A new approach on investment

A new approach on investment

India U.S. trade agreement negotiations.


➢ India shedding its pre-1990 stance of non-alignment has moved decisively towards forging a better relationship with the USA. This is in line with the present global geopolitical atmosphere and India’s immediate needs.
➢ Contrary to expectations that were generated after the Houston rally of the Indian Prime Minister and US President, India, and the United States failed to arrive at a trade deal then.
➢ However, the first-ever trade agreement between India and the U.S. is expected during the U.S. president’s visit to India.


Significance of the deal


➢ Though the total value of the trade deal would not be comparable to other international trade deals, a U.S.-India trade deal will have historic significance.
➢ It is expected to usher in a period of strong collaboration between the two countries to advance a shared bilateral trade agenda and effectively resolve issues as they arise, instead of seeking a remedy from the WTO.
➢ The signing of the deal will allow the two sides to continue efforts to achieve incremental outcomes and possibly enable the start of negotiations on a comprehensive free trade agreement (FTA).

Outcome


There is tremendous potential in India-US trade relations. Bilateral trade between India and the US has almost touched $150 billion and there has been a growth every year in the last few years. Realizing the growth potential of this relation will need some give and take from both countries.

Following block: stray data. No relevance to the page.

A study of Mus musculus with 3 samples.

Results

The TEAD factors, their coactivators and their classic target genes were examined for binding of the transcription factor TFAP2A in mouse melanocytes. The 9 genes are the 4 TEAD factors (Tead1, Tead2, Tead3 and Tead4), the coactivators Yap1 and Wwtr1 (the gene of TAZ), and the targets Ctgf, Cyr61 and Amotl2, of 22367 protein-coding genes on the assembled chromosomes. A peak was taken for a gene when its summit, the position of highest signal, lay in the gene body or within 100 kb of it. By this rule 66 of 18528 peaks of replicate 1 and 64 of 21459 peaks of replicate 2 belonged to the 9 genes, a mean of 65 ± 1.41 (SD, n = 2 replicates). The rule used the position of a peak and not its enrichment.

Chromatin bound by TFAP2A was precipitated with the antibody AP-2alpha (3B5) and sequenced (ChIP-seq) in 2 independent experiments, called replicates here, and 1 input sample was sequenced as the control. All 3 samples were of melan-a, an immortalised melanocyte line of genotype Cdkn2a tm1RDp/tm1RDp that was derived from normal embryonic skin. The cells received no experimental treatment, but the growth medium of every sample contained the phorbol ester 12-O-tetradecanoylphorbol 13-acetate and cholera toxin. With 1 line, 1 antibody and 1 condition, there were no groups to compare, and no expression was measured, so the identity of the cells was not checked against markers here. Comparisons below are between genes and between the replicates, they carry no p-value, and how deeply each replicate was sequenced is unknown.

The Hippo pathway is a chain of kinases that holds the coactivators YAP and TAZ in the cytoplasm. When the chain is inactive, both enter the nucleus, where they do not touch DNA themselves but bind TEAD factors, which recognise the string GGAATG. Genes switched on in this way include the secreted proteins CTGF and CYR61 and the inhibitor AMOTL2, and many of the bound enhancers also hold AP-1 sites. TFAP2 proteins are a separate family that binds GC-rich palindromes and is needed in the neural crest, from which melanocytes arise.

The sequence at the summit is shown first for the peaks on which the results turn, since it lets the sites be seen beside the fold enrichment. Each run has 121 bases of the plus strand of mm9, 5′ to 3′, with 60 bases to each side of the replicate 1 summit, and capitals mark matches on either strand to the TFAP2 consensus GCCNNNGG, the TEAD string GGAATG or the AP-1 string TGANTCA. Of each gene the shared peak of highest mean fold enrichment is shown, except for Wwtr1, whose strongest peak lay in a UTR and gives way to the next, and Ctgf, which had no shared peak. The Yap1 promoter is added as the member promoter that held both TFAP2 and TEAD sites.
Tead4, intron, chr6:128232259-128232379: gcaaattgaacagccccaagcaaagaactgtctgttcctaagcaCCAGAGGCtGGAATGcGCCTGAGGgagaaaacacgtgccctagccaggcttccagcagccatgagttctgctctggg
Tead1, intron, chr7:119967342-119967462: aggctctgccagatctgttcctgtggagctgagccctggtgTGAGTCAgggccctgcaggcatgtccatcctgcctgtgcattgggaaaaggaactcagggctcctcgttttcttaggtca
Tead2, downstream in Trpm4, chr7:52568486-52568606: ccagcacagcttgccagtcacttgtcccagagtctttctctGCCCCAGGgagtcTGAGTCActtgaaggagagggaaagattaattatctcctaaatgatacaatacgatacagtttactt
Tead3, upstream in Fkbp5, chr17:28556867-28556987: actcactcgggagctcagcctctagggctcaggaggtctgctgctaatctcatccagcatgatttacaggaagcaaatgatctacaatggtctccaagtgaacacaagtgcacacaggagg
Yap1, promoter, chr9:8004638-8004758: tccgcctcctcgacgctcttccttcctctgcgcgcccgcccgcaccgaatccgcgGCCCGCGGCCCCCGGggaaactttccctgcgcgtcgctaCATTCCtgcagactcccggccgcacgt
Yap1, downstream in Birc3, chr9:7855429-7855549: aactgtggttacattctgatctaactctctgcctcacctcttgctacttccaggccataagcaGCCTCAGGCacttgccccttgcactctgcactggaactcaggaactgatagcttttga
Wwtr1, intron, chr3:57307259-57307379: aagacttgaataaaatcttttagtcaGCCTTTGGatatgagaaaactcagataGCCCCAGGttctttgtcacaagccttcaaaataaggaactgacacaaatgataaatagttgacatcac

Incremental outcomes


➢ Given the possible roadblocks to a comprehensive free trade agreement (FTA), the two countries should look at incremental outcomes first. At a later stage, when the two countries are prepared to negotiate a more comprehensive bilateral FTA, they can take up more complex issues for discussions.
➢ India and the U.S. should focus on what is doable.
➢ The relatively easier-to-solve issues of intellectual property rights (IPR), digital trade, and investment should be prioritized.
➢ IPR has historically been an area of contention between the two countries, but discussions on IPR have progressed well in recent years and there is the need to build on the progress made.


Shared interests


➢ Given the shared interests between India and the U.S. in certain areas, the co-ordination and partnership in such areas can be mutually beneficial to both countries.
➢ Investment is an important segment for both economies. India invests in the U.S. and continues to seek U.S. investment in India. There is a need to encourage foreign direct investment (FDI).
➢ The two countries should negotiate an agreement on investment matters that can provide greater transparency, predictability, and regulatory certainty to investors from the other country.
➢ Given the Indian government and U.S. administration’s scepticism towards ‘BITs’ (bilateral investment treaties), there is the need to look for newer options.
➢ A U.S.-India investment agreement could focus on fair treatment for investors from the other country, regulatory transparency and predictability, and approaches for resolving concerns short of investor-state dispute settlements.
➢ Both India and the U.S. are still trying to deal with the issue of appropriate scope and approach of regulating electronic commerce issues in this digital age. Greater collaboration and sharing of each other’s experiences can help strengthen the relationship.


A new approach


➢ India and the U.S. could review their recent FTAs, to come up with a new approach.
➢ The recently concluded U.S.-Mexico-Canada Agreement contains a novel approach on investment, notably its abandonment of investor-state dispute settlement.
➢ The Regional Comprehensive Economic Partnership also does not include investor-state dispute settlement.